Jeffery Deaver is a celebrated bestselling novelist. He's also a versatile and cunning shoirt story writer. But you probably know all this.
Whenever somebody brings him up I ask if they've read the Rune novels. Many people say they haven't. They're my favorite among all his books. Here's what his website has to say about the first Rune book Manhattan is My Beat:
Manhattan Is My Beat (1988)
"Five feet two inches of slick repartee, near-purple hair, and poetic imagination, twenty-year-old Rune hasn't been in Manhattan for very long. But she's crafty enough to have found a squatter's paradise in an empty TriBeCa loft, and a video store job that feeds her passion for old movies. It's a passion she shares with her favorite customer, Mr. Kelly, a lonely old man who rents the same video over and over. The flick is a noir classic based on a real-life unsolved bank heist and a million missing dollars. It's called Manhattan Is My Beat.
"That's the tape Rune is picking up from Mr. Kelly's shabby apartment when she finds him shot to death. The police suspect a robbery gone wrong, but Rune is certain the key to solving the murder is hidden somewhere in the hazy, black-and-white frames of Mr. Kelly's beloved movie. But as Rune hits the mean streets of New York to find answers, she gets caught up in a dangerous adventure more chilling than anything Hollywood could dream up. As her story draws to its terrifying conclusion, Rune's final close-up may include the killer of a co-star."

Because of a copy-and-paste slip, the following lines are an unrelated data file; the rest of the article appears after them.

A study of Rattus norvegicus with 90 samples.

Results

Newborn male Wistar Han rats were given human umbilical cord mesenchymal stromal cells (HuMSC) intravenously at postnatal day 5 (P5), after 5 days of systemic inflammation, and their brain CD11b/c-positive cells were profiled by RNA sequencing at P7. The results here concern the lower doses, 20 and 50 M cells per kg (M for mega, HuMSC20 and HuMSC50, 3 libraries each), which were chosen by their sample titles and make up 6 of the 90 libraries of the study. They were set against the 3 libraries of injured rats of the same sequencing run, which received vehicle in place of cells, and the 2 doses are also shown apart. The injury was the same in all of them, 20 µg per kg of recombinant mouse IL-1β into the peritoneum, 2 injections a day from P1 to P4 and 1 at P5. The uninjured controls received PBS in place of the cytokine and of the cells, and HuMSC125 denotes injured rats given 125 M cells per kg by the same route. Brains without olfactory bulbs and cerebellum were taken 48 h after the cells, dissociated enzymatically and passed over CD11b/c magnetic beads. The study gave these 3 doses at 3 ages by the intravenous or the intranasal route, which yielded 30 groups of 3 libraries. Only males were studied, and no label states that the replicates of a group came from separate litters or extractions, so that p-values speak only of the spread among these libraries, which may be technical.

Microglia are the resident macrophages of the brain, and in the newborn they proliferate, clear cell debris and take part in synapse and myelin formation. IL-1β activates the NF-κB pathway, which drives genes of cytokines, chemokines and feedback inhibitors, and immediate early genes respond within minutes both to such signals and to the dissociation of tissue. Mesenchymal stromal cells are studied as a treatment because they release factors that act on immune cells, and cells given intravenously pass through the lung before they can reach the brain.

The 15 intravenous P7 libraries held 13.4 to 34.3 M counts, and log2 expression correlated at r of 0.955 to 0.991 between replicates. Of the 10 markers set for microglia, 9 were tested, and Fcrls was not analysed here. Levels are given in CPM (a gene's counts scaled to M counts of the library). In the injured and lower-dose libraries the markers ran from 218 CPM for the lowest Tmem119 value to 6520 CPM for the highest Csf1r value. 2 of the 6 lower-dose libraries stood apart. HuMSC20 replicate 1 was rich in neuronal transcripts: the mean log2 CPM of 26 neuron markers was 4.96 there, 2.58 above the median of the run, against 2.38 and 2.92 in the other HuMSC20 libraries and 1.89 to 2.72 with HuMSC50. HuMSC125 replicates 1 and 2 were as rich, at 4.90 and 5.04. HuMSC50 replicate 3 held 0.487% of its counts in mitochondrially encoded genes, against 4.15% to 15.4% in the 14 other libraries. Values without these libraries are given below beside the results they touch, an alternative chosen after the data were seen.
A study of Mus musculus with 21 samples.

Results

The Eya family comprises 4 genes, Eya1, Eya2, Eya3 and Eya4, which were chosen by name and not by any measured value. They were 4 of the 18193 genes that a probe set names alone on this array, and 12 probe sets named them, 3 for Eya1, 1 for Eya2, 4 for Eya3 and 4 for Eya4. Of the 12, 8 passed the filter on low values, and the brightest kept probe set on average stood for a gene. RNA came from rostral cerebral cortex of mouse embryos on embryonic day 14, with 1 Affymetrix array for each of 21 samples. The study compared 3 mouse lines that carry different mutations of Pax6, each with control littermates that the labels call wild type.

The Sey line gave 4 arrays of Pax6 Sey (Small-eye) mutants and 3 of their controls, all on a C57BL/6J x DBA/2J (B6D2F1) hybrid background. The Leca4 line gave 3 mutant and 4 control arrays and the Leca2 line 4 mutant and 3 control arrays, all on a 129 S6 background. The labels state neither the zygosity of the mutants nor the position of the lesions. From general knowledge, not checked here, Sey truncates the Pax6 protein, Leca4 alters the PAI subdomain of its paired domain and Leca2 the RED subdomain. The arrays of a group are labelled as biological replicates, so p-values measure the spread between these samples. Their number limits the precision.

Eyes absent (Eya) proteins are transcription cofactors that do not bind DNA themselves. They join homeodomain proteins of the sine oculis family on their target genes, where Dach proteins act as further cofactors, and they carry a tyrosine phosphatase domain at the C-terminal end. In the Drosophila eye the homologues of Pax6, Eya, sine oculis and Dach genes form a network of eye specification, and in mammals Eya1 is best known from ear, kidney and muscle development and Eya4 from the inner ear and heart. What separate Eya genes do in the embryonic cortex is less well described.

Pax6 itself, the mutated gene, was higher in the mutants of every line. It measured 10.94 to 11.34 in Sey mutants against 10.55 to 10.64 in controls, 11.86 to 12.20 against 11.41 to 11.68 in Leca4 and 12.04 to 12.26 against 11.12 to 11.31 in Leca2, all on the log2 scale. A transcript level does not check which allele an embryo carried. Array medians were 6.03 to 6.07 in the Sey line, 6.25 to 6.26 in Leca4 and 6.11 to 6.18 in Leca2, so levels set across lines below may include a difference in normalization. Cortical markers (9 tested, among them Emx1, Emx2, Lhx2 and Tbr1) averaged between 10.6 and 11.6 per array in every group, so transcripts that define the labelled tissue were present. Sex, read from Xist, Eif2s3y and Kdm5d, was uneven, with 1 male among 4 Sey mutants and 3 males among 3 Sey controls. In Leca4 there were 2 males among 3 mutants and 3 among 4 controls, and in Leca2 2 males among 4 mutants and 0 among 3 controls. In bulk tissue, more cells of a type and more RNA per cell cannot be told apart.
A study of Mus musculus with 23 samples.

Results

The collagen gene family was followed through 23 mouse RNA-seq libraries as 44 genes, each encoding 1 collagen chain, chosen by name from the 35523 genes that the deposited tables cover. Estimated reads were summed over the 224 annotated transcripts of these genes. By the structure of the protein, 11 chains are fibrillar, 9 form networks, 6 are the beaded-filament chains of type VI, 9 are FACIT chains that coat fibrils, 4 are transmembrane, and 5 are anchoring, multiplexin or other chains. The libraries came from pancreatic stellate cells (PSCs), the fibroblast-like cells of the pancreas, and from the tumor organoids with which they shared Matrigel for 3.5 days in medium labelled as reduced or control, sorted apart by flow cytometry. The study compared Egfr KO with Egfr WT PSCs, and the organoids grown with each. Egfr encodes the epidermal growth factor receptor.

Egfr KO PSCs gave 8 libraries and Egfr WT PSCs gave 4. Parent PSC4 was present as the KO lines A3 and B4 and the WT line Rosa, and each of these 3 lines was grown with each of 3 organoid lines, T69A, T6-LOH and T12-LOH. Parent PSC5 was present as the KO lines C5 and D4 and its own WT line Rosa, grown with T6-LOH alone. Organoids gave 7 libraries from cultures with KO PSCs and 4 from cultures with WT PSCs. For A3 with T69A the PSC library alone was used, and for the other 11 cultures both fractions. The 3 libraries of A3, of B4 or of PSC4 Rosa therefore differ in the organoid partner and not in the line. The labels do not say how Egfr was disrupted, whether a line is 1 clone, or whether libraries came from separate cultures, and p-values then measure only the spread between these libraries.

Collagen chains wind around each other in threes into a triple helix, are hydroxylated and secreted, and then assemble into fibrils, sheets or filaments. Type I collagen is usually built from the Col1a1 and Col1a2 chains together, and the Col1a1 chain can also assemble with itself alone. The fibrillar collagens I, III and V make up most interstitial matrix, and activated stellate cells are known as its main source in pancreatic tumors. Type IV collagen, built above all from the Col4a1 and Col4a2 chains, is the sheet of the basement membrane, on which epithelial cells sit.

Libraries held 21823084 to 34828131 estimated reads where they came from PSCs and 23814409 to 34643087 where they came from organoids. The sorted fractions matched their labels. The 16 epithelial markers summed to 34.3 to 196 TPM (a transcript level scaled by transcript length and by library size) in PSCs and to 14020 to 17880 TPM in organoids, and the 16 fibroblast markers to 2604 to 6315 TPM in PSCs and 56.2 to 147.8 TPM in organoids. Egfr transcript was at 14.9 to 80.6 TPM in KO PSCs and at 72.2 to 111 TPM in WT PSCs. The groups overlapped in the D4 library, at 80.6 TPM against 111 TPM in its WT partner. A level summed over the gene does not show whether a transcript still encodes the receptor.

Clever as the plots are (and you'd expect nothing less from Deaver), it's Rune herself who carries the three novels-- the other two are Death of A Blue Movie Star and Hard News--in her pursuit to a) find out Who She Really Is in the Existential Sense b) keep recreating herself until Something More Appealing Comes along. She's genuinely tough, too, in a wryly belligerent sort of way. One way or the other she does what she wants to.
One other feature of the novels is the view of late-80s early-90s Manhattan as seen through the eyes of a punk rocker who also channels the 60s on occasion. She makes a great sradonic reporter from the war zone.
These are early Deaver books but the skills that have taken him to the bestseller lists are already in place. He is a sleek gifted storyteller and the Rune books are among the best of his tales.